Garden Time: Getting your hands dirty


Soil, not to be confused with dirt, is the life blood of a garden.  Dirt is dead and lifeless, but within soil, it is a complex, living ecosystem that keeps plants healthy.  Nutrition for vegetables comes from the soil.  Having healthy soil is important to an edible garden, but, if you are container gardening, it is difficult to maintain a healthy, thriving ecosystem from year to year.

The roots of plants absorb food, water, nutrients and minerals from soil.  They spread into the soil in search of nutrition, forming a plant’s communication web and supply network.  The plant above ground tells the root system what it needs and the roots below ground absorb it from the soil.  All of the details of soil composition are far too complex to detail here, but there are important elements gardeners should understand.  

IMG_20140420_105539Organic matter is the most important component in soil. Unfortunately, plants cannot digest organic material like food scraps and leaves without help from bacterial and fungal microorganisms.  These organisms decompose or compost simple organic matter into readily available plant nutrition.  They also aerate the soil, allowing roots to expand and water and oxygen to penetrate down to the roots.  Together, organic matter and microorganisms are the heart of the nutrition in soil, providing not only the nitrogen, phosphorous, and potassium critical to plant health, but also other trace elements such as magnesium, calcium and iron.  

Fertilizers are useful during the growing season and provide basic nutritional needs to a plant, but are not a complete replacement for healthy soil.  Soluble nitrogen, phosphorous, and potassium (the numbers on fertilizer bags indicating the percentage available for plant absorption) are only the foundation of plant nutrition.  Vitamins and minerals are an important component of soil composition and contribute to the nutrition of fruits and vegetables.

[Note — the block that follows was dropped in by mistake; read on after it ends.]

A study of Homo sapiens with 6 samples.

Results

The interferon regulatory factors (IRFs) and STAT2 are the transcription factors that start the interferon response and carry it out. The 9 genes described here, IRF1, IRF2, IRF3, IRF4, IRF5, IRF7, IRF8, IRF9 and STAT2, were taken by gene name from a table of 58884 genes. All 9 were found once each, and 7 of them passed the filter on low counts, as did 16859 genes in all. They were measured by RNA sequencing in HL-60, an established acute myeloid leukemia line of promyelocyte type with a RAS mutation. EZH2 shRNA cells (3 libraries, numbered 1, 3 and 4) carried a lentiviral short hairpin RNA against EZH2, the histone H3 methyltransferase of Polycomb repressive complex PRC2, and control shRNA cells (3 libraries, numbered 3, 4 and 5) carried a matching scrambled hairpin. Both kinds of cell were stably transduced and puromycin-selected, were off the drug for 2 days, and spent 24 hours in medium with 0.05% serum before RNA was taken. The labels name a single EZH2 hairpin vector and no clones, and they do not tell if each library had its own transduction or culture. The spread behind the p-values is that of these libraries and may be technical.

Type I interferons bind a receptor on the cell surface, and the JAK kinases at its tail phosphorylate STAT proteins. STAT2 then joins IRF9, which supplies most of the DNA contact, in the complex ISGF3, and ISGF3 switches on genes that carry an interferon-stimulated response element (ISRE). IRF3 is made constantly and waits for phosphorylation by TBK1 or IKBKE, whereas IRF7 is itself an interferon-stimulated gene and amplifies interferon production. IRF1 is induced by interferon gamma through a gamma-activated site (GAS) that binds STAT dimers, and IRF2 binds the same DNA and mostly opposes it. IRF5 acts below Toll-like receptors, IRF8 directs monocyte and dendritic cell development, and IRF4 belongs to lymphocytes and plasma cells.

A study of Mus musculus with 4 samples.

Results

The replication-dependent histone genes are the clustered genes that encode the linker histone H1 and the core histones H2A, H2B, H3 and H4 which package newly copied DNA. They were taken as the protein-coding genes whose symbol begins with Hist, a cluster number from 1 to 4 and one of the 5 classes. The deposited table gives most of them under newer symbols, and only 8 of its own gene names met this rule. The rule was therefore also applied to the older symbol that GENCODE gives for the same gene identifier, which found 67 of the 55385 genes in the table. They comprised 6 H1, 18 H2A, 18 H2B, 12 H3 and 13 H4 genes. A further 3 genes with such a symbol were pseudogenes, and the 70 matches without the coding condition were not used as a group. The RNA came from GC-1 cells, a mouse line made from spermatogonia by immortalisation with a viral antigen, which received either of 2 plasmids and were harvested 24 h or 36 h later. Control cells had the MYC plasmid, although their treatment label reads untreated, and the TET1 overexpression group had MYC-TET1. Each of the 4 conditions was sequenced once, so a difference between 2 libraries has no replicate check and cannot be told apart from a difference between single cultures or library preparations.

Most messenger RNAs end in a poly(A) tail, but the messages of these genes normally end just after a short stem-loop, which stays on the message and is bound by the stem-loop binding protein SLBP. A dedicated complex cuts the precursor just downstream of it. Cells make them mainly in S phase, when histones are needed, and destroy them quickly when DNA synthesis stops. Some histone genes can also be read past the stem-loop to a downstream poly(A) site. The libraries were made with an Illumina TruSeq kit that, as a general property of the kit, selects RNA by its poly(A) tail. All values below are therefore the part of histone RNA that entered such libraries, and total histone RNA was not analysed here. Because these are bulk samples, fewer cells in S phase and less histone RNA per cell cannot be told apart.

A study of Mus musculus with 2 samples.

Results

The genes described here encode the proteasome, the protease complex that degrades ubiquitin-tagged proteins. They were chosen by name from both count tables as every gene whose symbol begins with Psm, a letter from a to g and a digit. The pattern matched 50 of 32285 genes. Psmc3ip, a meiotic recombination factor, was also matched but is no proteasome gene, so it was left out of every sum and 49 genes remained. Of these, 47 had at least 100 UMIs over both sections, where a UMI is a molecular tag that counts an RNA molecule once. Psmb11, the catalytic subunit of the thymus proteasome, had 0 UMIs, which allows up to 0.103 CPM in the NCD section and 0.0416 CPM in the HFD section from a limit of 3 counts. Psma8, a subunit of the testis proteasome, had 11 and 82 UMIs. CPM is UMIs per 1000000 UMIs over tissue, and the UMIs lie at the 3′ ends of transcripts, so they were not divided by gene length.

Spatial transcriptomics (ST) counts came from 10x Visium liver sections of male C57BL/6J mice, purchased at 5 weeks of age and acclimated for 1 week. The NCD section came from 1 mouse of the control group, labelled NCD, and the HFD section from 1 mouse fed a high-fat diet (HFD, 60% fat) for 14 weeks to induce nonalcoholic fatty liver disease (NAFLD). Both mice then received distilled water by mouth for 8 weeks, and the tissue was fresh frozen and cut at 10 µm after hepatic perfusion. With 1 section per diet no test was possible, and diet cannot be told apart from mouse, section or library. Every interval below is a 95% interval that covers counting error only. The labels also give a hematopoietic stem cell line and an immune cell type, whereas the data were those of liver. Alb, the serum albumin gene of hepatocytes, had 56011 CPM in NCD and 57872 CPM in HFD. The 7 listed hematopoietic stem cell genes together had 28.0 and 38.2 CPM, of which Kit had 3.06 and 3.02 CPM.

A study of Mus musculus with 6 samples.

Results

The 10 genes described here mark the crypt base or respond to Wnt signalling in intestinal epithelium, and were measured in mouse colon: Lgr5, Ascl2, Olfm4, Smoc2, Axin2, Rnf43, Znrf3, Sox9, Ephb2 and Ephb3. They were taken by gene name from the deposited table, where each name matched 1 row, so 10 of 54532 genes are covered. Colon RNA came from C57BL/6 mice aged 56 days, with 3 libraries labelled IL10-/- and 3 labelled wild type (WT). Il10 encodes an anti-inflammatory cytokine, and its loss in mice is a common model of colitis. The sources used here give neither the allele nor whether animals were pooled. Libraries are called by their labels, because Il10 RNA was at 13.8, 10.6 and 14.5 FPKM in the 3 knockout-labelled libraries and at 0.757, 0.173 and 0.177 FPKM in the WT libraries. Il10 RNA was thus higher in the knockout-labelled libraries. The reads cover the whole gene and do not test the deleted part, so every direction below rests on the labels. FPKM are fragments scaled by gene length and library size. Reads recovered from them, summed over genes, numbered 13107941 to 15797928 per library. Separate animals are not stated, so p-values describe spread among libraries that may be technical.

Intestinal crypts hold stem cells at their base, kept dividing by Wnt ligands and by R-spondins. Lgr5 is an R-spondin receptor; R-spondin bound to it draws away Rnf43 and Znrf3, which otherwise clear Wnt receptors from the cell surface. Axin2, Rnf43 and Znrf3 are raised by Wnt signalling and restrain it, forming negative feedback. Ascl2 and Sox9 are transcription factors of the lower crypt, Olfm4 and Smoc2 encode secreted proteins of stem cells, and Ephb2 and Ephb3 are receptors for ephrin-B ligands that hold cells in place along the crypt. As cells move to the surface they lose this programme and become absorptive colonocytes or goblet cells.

With new containers, it is easy to get plants off to a good start.  Potting soil is available by the bag at garden stores, but rather than simply using a potting soil alone, mix one part compost to every four parts soil.  Soil and compost are less expensive in bulk and indoor gardeners can save money by sharing the cost with neighbors and friends.  It may also be less expensive to make a soil mix from scratch, such as the one recommended in All New Square Foot Gardening by Mel Bartholomew.  For best results, an edible plant garden should get organic soil. Annually refresh containers full of soil from previous years by removing the old soil and blending it with compost.  For containers with living plants, top off with a compost-soil mix or gently remove the plant from the container, loosen the roots and add a compost-soil mix to the bottom.

IMG_20140420_115025Once the soil is ready to go into containers, it can provide plants with a healthy base of nutrition that smells fresh and earthy. Do not overfill containers or pack the soil as roots need space to expand and support larger, bushier plants.  Seedlings should have their first two real leaves before transplanting.  Place filled containers in a sunny spot and keep the soil slightly moist.

As a complex ecosystem, understanding the many benefits of healthy, thriving soils is not only for gardeners and farmers. Soil nutrition is relevant for all types of food professionals.  To learn about the wonderful ecosystem of soil, I recommend the following two books by Jeff Lowenfels:

  • Teaming with Microbes: The Organic Gardener’s Guide to the Soil Food Web
  • Teaming with Nutrients: The Organic Gardener’s Guide to Optimizing Nutrition

IMG_20140420_111212After 15 years in sustainable product design, Kimi Ceridon shifted focus from consumer products to food systems. She is active with NOFA/Mass Boston Ferments, Waltham Fields Community Farms and has led workshops on chicken keeping, backyard homesteading, fermentation, and brewing.  Follow her at noreturnticket.kceridon.com.